Who among us hasn’t had a fake Significant Other at some point in our lives?
Or at least thought about it. 😉
My freshman year of college, I told two friends about an unwanted, frustratingly persistent suitor of mine, and they each offered to help.
The first one—let’s call him Marshall—said, “I can pretend to be your brother and tell him to leave you the hell alone.”
The second, named Elliot, replied, “Her brother? You two look nothing alike.”
“Well, adopted or step-brother,” Marshall clarified.
Elliot laughed. “It makes more sense to pretend to be her boyfriend. I’ll do it. Then that guy will get the picture.”
I thanked them for their suggestions, but took care of Mr. Suitor in my own way, which basically involved avoiding him until I actually had a boyfriend a few months later.**
That guy, the real boyfriend, turned out to be Marshall—or, as he’s better known around this part of the Internet, Mr. AMB. Thankfully, I never tried to pass him off as my sibling. That would’ve been an uncomfortable lie to explain away.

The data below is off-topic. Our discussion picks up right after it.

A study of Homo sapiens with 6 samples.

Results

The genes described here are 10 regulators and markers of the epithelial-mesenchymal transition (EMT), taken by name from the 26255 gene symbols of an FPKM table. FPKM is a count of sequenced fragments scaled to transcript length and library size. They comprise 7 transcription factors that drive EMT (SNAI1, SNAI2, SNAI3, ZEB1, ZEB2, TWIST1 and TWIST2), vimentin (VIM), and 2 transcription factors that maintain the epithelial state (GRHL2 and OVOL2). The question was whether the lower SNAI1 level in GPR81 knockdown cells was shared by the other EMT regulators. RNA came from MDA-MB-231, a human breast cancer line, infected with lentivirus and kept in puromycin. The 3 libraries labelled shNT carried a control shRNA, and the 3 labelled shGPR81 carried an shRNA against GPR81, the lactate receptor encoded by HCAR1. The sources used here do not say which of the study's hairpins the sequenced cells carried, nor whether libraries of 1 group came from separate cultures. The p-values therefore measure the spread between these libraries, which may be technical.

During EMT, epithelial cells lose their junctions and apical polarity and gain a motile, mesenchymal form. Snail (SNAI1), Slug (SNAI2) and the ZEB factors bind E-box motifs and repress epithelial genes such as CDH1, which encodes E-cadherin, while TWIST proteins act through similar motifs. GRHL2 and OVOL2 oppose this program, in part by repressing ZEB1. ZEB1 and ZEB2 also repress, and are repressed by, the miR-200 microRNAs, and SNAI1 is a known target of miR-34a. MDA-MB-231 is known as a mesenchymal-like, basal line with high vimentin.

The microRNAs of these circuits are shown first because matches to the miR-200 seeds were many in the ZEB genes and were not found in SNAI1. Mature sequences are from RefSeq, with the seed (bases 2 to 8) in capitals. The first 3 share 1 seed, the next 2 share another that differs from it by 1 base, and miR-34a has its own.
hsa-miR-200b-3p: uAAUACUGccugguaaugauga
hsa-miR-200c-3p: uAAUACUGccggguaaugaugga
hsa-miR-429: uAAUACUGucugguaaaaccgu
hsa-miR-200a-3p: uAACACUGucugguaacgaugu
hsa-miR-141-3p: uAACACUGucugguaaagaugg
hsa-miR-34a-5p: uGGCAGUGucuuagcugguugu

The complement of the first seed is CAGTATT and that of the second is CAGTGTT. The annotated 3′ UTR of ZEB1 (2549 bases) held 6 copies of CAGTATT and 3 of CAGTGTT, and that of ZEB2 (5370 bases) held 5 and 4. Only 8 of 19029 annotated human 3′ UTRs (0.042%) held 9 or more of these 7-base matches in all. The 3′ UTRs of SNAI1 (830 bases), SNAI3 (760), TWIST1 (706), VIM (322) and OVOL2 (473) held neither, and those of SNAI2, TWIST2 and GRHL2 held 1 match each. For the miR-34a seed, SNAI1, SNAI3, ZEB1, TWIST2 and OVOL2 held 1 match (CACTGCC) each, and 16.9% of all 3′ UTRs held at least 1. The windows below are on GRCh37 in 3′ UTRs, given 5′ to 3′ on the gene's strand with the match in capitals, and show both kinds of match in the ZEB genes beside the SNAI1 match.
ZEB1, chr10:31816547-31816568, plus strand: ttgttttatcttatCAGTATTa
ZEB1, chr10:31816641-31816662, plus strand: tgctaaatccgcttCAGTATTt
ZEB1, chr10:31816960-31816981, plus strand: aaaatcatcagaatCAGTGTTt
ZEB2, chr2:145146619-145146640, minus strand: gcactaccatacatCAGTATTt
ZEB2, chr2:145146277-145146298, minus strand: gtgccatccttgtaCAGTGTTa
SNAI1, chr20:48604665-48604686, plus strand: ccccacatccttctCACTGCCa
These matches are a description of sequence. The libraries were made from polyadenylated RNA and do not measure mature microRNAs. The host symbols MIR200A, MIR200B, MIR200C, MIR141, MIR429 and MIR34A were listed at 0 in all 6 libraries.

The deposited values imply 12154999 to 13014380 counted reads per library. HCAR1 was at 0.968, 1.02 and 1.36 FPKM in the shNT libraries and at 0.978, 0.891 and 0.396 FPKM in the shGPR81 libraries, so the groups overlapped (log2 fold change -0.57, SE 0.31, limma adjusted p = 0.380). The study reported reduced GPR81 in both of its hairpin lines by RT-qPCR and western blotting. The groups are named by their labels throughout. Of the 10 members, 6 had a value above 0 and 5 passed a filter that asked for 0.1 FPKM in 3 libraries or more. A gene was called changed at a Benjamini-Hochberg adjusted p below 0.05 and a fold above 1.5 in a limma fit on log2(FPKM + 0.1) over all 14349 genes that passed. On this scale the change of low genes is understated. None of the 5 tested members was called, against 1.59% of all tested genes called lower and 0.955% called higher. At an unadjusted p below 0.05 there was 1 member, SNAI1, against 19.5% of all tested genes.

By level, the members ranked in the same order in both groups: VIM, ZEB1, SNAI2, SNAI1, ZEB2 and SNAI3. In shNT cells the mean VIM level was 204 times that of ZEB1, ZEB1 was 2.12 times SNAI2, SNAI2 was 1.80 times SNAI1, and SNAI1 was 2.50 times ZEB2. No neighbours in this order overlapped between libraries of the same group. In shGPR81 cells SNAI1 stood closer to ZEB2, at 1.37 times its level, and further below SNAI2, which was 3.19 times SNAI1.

These were the memories that came to mind as I read Kasie West’s latest Young Adult novel, The Fill-In Boyfriend. In this story, 17-year-old Gia Montgomery needs a date after her boyfriend of two months dumps her in the parking lot outside of the prom. She approaches the first guy she sees and begs him to pretend to be her boyfriend. He agrees. The ending is obvious, Gia and the “fill-in” boyfriend get together eventually, but how they get there is fun to witness.
The main characters are likeable, the story is cute, and the writing is funny and fast-paced. It’s ideal for both younger readers who may see a part of themselves in Gia and for older folks (like me) who are looking for an entertaining escape from adult life.
I am grateful to Stephanie from Stephanie’s Book Reviews for recommending this novel. It was as much fun as she said it would be.
*I ran this post by Mr. AMB to make sure he didn’t mind if I shared this story from our past. He was fine with it, but wanted to add: “In my defense, I wasn’t bold enough to offer to pretend to play the role I wanted to have. Besides, what better way to attract a bookish girl than to be painfully awkward and shy? That method worked just fine for Mr. Darcy.”
**I wasn’t allowed to date–I was raised in a pretty strict household–but my parents ended up liking him. Phew.